The external fund manager backed by Berkshire Hathaway's Charlie Munger, Li Lu, makes no bones about it when he says 'The biggest investment risk is not the volatility of prices, but whether you will suffer a permanent loss of capital. It's only natural to consider a company's balance sheet when you examine how risky it is, since debt is often involved when a business collapses. We can see that Patterson-UTI Energy, Inc. (NASDAQ:PTEN) does use debt in its business. But should shareholders be worried about its use of debt?
Why Does Debt Bring Risk?
Debt assists a business until the business has trouble paying it off, either with new capital or with free cash flow. In the worst case scenario, a company can go bankrupt if it cannot pay its creditors. While that is not too common, we often do see indebted companies permanently diluting shareholders because lenders force them to raise capital at a distressed price. Of course, the upside of debt is that it often represents cheap capital, especially when it replaces dilution in a company with the ability to reinvest at high rates of return. When we examine debt levels, we first consider both cash and debt levels, together.
What Is Patterson-UTI Energy's Net Debt?
As you can see below, Patterson-UTI Energy had US$1.12b of debt, at June 2019, which is about the same the year before. You can click the chart for greater detail. On the flip side, it has US$255.5m in cash leading to net debt of about US$864.1m.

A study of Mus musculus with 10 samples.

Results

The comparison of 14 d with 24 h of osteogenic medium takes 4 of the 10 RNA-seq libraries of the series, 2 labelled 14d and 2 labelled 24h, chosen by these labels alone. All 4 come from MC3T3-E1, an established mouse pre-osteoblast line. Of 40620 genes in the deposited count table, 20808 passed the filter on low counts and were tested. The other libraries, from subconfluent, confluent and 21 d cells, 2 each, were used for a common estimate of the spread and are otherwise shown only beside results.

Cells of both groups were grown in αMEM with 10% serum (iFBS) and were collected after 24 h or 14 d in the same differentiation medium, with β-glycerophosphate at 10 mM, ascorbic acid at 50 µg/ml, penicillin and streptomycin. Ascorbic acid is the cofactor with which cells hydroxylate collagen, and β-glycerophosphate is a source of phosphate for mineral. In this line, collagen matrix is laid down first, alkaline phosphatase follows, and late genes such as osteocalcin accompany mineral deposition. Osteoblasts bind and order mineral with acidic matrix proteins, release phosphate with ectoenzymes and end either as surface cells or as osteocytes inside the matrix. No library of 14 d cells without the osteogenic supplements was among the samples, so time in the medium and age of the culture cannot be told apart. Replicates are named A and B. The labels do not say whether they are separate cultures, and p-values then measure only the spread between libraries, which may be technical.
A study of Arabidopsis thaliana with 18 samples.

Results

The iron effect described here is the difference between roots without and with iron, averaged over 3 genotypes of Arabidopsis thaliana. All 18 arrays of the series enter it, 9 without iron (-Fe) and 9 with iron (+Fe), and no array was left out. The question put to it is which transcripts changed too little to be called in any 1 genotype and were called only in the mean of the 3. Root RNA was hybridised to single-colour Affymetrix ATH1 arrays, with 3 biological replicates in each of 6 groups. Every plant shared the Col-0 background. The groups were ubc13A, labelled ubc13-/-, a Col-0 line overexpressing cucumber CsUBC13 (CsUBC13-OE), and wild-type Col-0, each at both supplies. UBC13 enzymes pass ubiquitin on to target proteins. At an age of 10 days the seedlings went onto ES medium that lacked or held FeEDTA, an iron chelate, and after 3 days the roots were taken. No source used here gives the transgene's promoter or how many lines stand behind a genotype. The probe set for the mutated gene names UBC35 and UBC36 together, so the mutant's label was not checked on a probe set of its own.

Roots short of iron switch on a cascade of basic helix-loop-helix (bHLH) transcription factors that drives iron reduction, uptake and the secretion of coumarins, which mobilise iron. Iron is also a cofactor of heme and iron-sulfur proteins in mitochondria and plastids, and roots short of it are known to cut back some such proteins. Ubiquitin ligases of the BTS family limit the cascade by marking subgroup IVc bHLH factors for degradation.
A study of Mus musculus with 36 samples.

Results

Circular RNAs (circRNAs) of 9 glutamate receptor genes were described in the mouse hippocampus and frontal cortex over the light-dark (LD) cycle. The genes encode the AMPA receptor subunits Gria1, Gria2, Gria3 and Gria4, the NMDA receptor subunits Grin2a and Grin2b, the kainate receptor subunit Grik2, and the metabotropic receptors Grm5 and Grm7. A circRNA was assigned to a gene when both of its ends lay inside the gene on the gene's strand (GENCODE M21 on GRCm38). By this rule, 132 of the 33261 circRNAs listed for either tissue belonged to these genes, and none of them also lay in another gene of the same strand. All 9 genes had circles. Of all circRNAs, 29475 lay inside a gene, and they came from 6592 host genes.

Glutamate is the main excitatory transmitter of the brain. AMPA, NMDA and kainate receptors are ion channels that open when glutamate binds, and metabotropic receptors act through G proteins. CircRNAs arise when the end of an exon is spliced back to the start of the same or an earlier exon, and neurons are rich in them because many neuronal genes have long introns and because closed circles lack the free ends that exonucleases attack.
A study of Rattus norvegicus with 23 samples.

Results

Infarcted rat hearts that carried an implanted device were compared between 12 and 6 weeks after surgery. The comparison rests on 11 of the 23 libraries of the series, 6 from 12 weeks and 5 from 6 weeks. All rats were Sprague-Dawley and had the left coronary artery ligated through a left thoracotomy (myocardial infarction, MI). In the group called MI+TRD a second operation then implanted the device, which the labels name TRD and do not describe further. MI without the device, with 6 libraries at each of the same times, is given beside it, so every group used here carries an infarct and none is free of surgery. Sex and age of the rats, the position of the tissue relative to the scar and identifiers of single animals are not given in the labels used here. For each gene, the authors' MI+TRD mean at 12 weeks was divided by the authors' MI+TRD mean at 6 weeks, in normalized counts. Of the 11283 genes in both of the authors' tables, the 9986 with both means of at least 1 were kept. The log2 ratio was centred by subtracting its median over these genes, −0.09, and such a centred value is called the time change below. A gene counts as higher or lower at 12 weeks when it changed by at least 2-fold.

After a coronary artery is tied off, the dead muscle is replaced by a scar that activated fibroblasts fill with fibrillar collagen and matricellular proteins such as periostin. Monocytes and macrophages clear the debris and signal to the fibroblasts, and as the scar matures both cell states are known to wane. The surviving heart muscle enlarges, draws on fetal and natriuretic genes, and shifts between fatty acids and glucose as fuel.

A Look At Patterson-UTI Energy's Liabilities
Zooming in on the latest balance sheet data, we can see that Patterson-UTI Energy had liabilities of US$470.0m due within 12 months and liabilities of US$1.44b due beyond that. Offsetting this, it had US$255.5m in cash and US$507.2m in receivables that were due within 12 months. So its liabilities total US$1.15b more than the combination of its cash and short-term receivables.
This is a mountain of leverage relative to its market capitalization of US$1.84b. Should its lenders demand that it shore up the balance sheet, shareholders would likely face severe dilution. There's no doubt that we learn most about debt from the balance sheet. But ultimately the future profitability of the business will decide if Patterson-UTI Energy can strengthen its balance sheet over time. So if you want to see what the professionals think, you might find this free report on analyst profit forecasts to be interesting.
In the last year Patterson-UTI Energy had negative earnings before interest and tax, and actually shrunk its revenue by 3.0%, to US$3.0b. That's not what we would hope to see.
Importantly, Patterson-UTI Energy had negative earnings before interest and tax (EBIT), over the last year. Indeed, it lost US$108m at the EBIT level. When we look at that and recall the liabilities on its balance sheet, relative to cash, it seems unwise to us for the company to have any debt. Quite frankly we think the balance sheet is far from match-fit, although it could be improved with time. We would feel better if it turned its trailing twelve month loss of US$354m into a profit. So in short it's a really risky stock. For riskier companies like Patterson-UTI Energy I always like to keep an eye on whether insiders are buying or selling. So click here if you want to find out for yourself.
If you're interested in investing in businesses that can grow profits without the burden of debt, then check out this free list of growing businesses that have net cash on the balance sheet.